A Year for the Arts
By Myrel Iturrey, The Dartmouth Staff
Published on Friday, September 14, 2012
Yellowed and delicate with age, a loose-leaf pamphlet advertising the 1923-1924 course offerings for Dartmouth’s now-defunct department of modern art boasts 18 classes ranging from “City Planning” to “The Art of the Manuscript.” During this era, the fine arts at Dartmouth were merely a fledgling endeavor.
Yet today, the inauguration of the Black Family Visual Arts Center encapsulates a century of transformation and evolution of the arts at the College. With a record number of studio art majors in recent years, it’s clear that the arts have, over time, become increasingly viewed as traditional fields of academia.
“We are excited to take advantage of this technologically advanced facility and its strategic location on campus to connect the visual arts with the other humanities and the sciences,” head of the studio art department Colleen Randall said.
Randall’s sentiment is not entirely new. As early as the 20th century, many recognized that art, whether visual, musical or theatrical, could exist within and enrich the academic community. As a report to the faculty stated in 1919, the arts have a unique way of nurturing and cultivating the imaginations of those who study them.
“The imagination is most essential in life, though most neglected in education,” the report read.
The 1919 report emphasized the importance of the arts in “disciplining the mind and affording preparation for life work,” concluding that “the only way to learn creativity is to create.”
The faculty was convinced, and so began Dartmouth’s grand experiment with applied arts. When the art department was first organized in the early 1930s, emphasis was placed on history, critique and theory rather than its practice. With no studio art instructors on staff, visiting artists were invited to teach these courses in the new studios in Carpenter Hall, completed in 1929.
Architecture and photography courses were eventually added to the curriculum due to high demand, according to Randall.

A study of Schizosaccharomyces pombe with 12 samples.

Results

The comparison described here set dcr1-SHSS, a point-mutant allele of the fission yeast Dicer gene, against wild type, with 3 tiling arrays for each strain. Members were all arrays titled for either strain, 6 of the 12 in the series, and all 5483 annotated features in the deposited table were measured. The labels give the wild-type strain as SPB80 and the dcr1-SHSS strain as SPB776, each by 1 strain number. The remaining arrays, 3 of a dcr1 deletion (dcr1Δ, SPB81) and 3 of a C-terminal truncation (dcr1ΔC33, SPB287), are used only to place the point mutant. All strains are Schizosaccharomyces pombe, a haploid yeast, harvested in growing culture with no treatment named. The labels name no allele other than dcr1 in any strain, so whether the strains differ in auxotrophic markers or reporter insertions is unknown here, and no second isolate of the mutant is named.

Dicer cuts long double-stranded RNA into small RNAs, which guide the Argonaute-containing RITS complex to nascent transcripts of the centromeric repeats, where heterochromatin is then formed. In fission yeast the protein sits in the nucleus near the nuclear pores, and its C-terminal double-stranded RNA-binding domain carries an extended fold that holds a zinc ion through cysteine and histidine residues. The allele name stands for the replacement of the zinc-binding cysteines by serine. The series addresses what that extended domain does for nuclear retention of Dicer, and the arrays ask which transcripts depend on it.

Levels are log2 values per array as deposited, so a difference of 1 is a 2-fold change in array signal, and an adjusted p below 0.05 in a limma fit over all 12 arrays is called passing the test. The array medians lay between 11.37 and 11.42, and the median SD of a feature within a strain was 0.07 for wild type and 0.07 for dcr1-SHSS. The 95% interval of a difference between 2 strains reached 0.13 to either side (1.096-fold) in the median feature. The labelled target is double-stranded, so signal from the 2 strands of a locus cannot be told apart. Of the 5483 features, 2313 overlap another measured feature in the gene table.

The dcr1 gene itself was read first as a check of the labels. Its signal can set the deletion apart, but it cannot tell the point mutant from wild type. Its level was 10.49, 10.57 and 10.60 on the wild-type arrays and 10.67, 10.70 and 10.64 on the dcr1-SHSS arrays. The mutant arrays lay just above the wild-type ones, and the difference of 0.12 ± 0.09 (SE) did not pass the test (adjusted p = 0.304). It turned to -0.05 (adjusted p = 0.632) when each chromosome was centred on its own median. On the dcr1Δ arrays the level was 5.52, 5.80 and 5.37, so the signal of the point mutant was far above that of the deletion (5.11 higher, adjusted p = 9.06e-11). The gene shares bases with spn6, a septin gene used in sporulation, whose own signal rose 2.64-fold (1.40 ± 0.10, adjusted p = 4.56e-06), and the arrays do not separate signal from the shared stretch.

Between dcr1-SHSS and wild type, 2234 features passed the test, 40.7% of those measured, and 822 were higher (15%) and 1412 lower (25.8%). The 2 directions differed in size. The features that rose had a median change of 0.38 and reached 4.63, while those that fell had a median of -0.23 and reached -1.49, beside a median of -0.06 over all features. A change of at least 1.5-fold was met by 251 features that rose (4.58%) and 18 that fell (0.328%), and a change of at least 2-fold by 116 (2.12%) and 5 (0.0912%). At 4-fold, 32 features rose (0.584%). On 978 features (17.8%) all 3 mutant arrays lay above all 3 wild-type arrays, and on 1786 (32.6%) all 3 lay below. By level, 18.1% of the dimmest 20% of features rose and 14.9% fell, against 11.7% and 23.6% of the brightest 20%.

“But drawing was and still is the foundation of the department, which almost all the studio art faculty teach at different times,” she said.
It wasn’t until the completion of the Hopkins Center for the Arts in 1962 that the arts found a sanctuary at the College.
According to a 1962 article in The New York Times, Wallace Harrison’s design for the center stressed “openness and flexibility.” By combining social amenities such as the Hinman Mail Center and a snack bar with the charming studios, galleries and theaters, the architect hoped students with more traditional scholarly pursuits would venture into the new facility. Corridors lined with open windows that looked into the various work spaces were intended to foster appreciation for the arts from a variety of passersby.
“It is wise to encourage all students to learn that a drama, a symphony and a painting grow out of perspiration as well as inspiration,” journalist Howard Taubman wrote in the Times article. “A work of art is the product of planning, vision, knowledge and concentrated labor. “
Fast forward 50 years, and you’ll find that the architectural elements of the VAC, such as state-of-the-art lighting, audio-visual systems and spacious studios, are also meant to foster the perfect teaching and learning environment for the studio art, digital humanities and film and media studies departments. Studio art professor and Dartmouth graduate Jennifer Caine ’00 said she thinks that the overall feel of the building is conducive to innovation.
“It creates a setting that will inspire the creation of art for many years,” Caine said.
Members of the faculty have high hopes for the VAC, noting that the completion of the building heralds a new era for the arts at Dartmouth as the arts community gains visibility within other Dartmouth circles and the larger Hanover area.
Other professors have expressed that perhaps the most rewarding aspect of the facility is its ability to attract new students to the ever-evolving discipline of art.
“Truly intelligent students want to know more about the arts,” music theory and history professor Steven Swayne said.
As an advisor, he recommends that all his students take at least one music theory or one art history course before they graduate.
“These classes will pay dividends over the course of a lifetime, because the arts, at their core, are about who we are as human beings,” he said. “They express our hopes and fears and disappointments and aspirations in timeless ways. Art speaks to all of us, if we would take the time to let it.”